Marc Fucarile lost his right leg and suffered a severe burn on his left leg in the Boston Marathon bombing last year, but he defied the odds by walking on his wedding day.
Guests arrived on duck boats Thursday as Fucarile married his childhood sweetheart, Jen Regan, at Fenway Park. The longtime couple, who have a 6-year-old son, was given an all-expenses-paid wedding of their dreams from the charity “Love Runs Through Boston.”
Fucarile knew right away that Fenway was the perfect venue.
Fucarile was the last bombing survivor to be released from the hospital on July 24. He underwent over 20 surgeries and still is struggling to adjust to life without two functioning legs.
“I’m still in a wheelchair about 75 percent of the time,” Fucarile said. Despite his devastating injuries, the 35-year-old is grateful for all of the support he received throughout his healing process and leading up to his wedding day.
“Watching Jen walk down that aisle, that will be the highlight,” Fucarile said. “The support is what keeps me going, strangers, friends, family. If it weren’t for them, the support of complete strangers and loved ones, this would be a different story.”
Check out photos from Fucarile’s Fenway Park wedding below.
Fucarile’s wedding is a nice lead-up to the ceremonies the Red Sox will hold to commemorate last year’s tragedy before Sunday night’s game against the Baltimore Orioles.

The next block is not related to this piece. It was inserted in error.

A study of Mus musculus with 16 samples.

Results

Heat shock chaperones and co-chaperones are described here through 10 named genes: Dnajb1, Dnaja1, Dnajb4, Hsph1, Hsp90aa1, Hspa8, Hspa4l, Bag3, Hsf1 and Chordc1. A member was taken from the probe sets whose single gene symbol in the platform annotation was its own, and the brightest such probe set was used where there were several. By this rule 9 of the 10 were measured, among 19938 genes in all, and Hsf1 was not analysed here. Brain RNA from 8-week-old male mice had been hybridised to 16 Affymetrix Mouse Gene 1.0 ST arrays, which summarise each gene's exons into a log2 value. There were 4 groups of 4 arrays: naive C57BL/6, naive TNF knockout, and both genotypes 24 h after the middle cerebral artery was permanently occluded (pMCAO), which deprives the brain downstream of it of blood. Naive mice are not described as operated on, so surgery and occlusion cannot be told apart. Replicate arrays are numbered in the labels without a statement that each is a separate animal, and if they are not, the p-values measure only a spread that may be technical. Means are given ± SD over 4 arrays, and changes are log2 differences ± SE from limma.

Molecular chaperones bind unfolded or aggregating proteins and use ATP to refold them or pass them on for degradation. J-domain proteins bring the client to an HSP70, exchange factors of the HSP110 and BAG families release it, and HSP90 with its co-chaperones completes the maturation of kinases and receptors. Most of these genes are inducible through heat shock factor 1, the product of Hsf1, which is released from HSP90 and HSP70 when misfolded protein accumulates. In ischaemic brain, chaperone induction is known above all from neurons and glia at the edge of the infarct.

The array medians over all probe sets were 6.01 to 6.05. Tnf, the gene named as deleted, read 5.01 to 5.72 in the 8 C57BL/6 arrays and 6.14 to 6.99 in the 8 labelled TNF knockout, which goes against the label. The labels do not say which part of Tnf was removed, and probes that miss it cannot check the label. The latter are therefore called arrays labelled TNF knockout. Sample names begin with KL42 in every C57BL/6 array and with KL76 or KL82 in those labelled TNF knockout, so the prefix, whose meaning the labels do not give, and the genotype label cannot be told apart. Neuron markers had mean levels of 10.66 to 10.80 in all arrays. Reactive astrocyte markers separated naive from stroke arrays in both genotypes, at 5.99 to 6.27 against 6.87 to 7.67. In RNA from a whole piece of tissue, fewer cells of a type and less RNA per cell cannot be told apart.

The brief tribute is set to begin at approximately 6:30 p.m., and first pitch is scheduled for 7:05 p.m. The Red Sox intend to acknowledge the support that has come to Boston from across the nation in the aftermath of the tragedy, illustrate how far some of the wounded have come in the past year and salute the heroes who saved lives and have helped the city heal.
The ceremony will include a remembrance of Krystle Campbell, Martin Richard, Lingzi Lu and MIT police officer Sean Collier, who died in the marathon bombing and its aftermath last year.
The University of Massachusetts marching band and the Boston Pipers Society will perform a piece entitled “Highland Cathedral,” and they also will perform the national anthem as the crowd sings along. Members of the Boston Police Department, Watertown Police Department and Massachusetts State Police will carry the colors.
A series of canvases bearing inscriptions of good will from all 50 United States, along with all Major League Baseball teams and members of Congress, will line the outfield warning track. Sunday’s ceremonial first pitch will honor civic and business leaders who quickly and successfully started the One Fund Boston.
On Patriots’ Day, the Red Sox will present a traditional 11:05 a.m. game, inaugurating a new tradition, with “Boston” appearing on the front of the Red Sox home jerseys, as it did for the first time on last year’s marathon tribute at Fenway Park on April 20, 2013.